National Treasures

 


A National Treasure of the National Trust, the Panama Hotel, has many stories to tell, and producers Laine Ross and David Vice of Seattle's Big Story Group have set out to capture as many of them as they can. Through their Panama Hotel Legacy Film project, the duo hope to honor the history of the hotel, its occupants, and its owner as the property looks for new ownership and continued preservation.

We spoke with Ross and Vice for their take on the project, the hotel, and the importance of preserving our shared history.... Read More →

The National Trust for Historic Preservation works to save America's historic places. Join us today to help protect the places that matter to you.

David Weible

David Weible

David Weible is a content specialist for the National Trust, previously with Preservation magazine. He came to D.C. from Cleveland, Ohio, where he wrote for Sailing World and Outside magazines.

[Photos] Explore the Ancestral Places of Southeast Utah

Posted on: July 21st, 2015 by National Trust for Historic Preservation No Comments

 

By Kirsten Hower

Encompassing nearly eight thousand square miles, the Ancestral Places of Southeast Utah are home to a diverse array of sites sacred to the Navajo, Hopi, Pueblo, and Ute tribes. Throughout the area are archaeological sites, cliff dwellings, petroglyphs, and trails that are a visual narrative dedicated to twelve thousand years of human history and traditions.

Explore that narrative in our latest Exposure with stunning images from these ancestral places.


Ancestral Places of Southeast Utah by National Trust for Historic Preservation on Exposure

The National Trust for Historic Preservation works to save America's historic places. Join us today to help protect the places that matter to you.

National Trust for Historic Preservation

National Trust for Historic Preservation

The National Trust for Historic Preservation, a privately funded non-profit organization, works to save America's historic places.

 


Early this year, high school freshman Maddie Gregurek entered Iowa’s National History Day regional competition (a preliminary round of the Kenneth E. Behring National History Day Contest). Maddie took the competition’s theme, “Leadership and Legacy,” and focused her project on Theodore Roosevelt’s role in the conservation movement.... Read More →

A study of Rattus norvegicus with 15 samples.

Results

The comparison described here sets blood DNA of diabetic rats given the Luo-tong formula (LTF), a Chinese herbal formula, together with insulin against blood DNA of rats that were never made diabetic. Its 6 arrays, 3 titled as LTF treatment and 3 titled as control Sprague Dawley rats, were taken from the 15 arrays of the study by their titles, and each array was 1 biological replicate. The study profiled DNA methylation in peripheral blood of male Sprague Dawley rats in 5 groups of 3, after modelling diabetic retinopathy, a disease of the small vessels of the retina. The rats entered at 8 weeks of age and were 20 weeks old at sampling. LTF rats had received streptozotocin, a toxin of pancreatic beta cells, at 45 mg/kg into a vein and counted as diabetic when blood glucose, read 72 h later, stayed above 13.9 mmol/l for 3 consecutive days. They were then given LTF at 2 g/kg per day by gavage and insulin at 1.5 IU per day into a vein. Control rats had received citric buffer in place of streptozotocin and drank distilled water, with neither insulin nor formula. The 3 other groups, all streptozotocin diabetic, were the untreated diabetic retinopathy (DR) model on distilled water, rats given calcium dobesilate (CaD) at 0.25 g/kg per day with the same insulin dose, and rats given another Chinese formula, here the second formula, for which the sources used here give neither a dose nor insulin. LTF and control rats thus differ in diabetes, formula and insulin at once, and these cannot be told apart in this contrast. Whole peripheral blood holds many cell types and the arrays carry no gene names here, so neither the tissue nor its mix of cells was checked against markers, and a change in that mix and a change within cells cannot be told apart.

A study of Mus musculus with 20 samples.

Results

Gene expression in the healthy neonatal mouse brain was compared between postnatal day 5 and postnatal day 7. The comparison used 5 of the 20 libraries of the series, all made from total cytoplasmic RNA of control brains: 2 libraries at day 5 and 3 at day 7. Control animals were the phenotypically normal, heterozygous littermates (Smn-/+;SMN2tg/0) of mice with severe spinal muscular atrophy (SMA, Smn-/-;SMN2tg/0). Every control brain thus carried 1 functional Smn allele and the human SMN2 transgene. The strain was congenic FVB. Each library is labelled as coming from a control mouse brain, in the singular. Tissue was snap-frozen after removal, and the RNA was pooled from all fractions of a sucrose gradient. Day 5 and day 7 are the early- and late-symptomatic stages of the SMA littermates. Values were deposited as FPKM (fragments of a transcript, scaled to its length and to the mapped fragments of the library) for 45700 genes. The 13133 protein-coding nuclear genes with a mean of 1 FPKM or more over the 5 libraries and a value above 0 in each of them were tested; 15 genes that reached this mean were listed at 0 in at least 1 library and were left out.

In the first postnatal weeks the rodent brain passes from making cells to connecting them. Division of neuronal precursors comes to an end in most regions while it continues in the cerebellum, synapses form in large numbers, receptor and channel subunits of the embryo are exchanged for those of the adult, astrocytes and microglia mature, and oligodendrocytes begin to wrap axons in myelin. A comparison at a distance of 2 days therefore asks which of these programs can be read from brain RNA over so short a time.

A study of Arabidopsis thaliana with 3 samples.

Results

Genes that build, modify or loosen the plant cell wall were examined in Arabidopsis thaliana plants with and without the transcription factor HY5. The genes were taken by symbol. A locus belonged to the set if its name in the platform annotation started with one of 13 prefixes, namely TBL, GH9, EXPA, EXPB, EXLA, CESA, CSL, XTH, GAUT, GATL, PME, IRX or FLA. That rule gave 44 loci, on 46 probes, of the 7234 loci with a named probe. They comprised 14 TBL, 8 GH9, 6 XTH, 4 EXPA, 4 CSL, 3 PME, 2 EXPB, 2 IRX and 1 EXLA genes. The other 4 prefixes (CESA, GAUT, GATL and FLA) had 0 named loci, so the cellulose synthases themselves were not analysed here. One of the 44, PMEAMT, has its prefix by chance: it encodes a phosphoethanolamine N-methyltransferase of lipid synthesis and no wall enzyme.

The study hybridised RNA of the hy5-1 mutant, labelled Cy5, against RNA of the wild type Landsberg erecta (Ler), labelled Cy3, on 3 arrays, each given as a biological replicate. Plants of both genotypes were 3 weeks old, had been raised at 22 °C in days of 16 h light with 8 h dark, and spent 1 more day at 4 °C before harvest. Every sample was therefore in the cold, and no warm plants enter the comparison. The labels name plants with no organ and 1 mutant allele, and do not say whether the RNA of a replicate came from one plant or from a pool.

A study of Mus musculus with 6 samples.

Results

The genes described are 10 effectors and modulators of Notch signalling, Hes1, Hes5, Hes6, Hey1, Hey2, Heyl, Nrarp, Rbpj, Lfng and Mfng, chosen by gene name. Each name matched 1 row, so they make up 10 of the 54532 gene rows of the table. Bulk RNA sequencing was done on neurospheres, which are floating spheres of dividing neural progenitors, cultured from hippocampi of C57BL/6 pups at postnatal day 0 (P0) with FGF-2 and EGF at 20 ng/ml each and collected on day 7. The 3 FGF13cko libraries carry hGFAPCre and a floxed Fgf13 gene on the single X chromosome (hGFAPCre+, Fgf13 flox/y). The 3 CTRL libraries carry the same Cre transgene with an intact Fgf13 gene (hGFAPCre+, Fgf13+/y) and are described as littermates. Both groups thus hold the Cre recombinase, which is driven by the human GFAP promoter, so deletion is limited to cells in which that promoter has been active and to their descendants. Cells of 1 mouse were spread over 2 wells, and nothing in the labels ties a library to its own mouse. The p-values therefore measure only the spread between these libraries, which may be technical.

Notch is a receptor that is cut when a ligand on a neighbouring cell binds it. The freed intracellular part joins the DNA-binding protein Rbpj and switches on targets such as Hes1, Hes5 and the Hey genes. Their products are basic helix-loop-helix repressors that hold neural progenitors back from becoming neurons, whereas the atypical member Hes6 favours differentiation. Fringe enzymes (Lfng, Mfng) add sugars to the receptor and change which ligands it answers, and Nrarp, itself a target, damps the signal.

The National Trust for Historic Preservation works to save America's historic places. Join us today to help protect the places that matter to you.

Jamesha Gibson

Jamesha Gibson

Jamesha Gibson is an Editorial Intern at the National Trust. She is passionate about using historic preservation as an avenue for underrepresented communities to share their unique stories. Jamesha also enjoys learning about other cultures through reading, art, language, dancing, and especially cuisine.

[Travel Itinerary] Lowell, Massachusetts

Posted on: July 2nd, 2015 by David Weible

 


One of Lowell, Massachusetts’ defining qualities -- beyond being a hard-working, blue-collar town -- is change.... Read More →

The National Trust for Historic Preservation works to save America's historic places. Join us today to help protect the places that matter to you.

David Weible

David Weible

David Weible is a content specialist for the National Trust, previously with Preservation magazine. He came to D.C. from Cleveland, Ohio, where he wrote for Sailing World and Outside magazines.

Down To the Wire Episode 4: The James River Matters

Posted on: June 5th, 2015 by Tom Wall 1 Comment

 


Over the past two months, the #DownToTheWire team has been hard at work in Virginia, spreading the word from Richmond to Jamestown about Dominion Virginia Power’s plan to forever alter the historic James River with a new high-voltage transmission line.

And though we met thousands of people along the way, the sentiment always seemed to stay the same: “Don’t ruin our river with your ugly power lines!” Check out the final clip in our video series to see how we made sure that Dominion got the message loud and clear.... Read More →

The National Trust for Historic Preservation works to save America's historic places. Join us today to help protect the places that matter to you.

Tom Wall

Tom Wall is the Associate Manager of Community Outreach. His background includes television production, journalism, nonprofit communications, and marketing. Originally from Santa Fe, New Mexico, Tom is a graduate of the George Washington University, with a B.A. in Journalism and Mass Communication.

5 Things You Didn’t Know About the Original Whitney Studio

Posted on: May 29th, 2015 by National Trust for Historic Preservation

 


By Whitney Studio National Treasure Team

On May 1, the Whitney Museum of American Art opened the doors of its new building which sits alongside the Hudson River in New York’s Meatpacking District. The building itself is a masterpiece by architect Renzo Pianos, who openly acknowledges the building’s unique design as having several aeronautical aspects.

We know from our National Treasures work with the original Whitney Studio in Greenwich Village (now part of the New York School of Drawing, Painting and Sculpture) that this unique history is one that is continually taking shape. And because of that, we offer five lesser known facts about Gertrude Vanderbilt Whitney and the original Whitney Museum of American Art.... Read More →

The National Trust for Historic Preservation works to save America's historic places. Join us today to help protect the places that matter to you.

National Trust for Historic Preservation

National Trust for Historic Preservation

The National Trust for Historic Preservation, a privately funded non-profit organization, works to save America's historic places.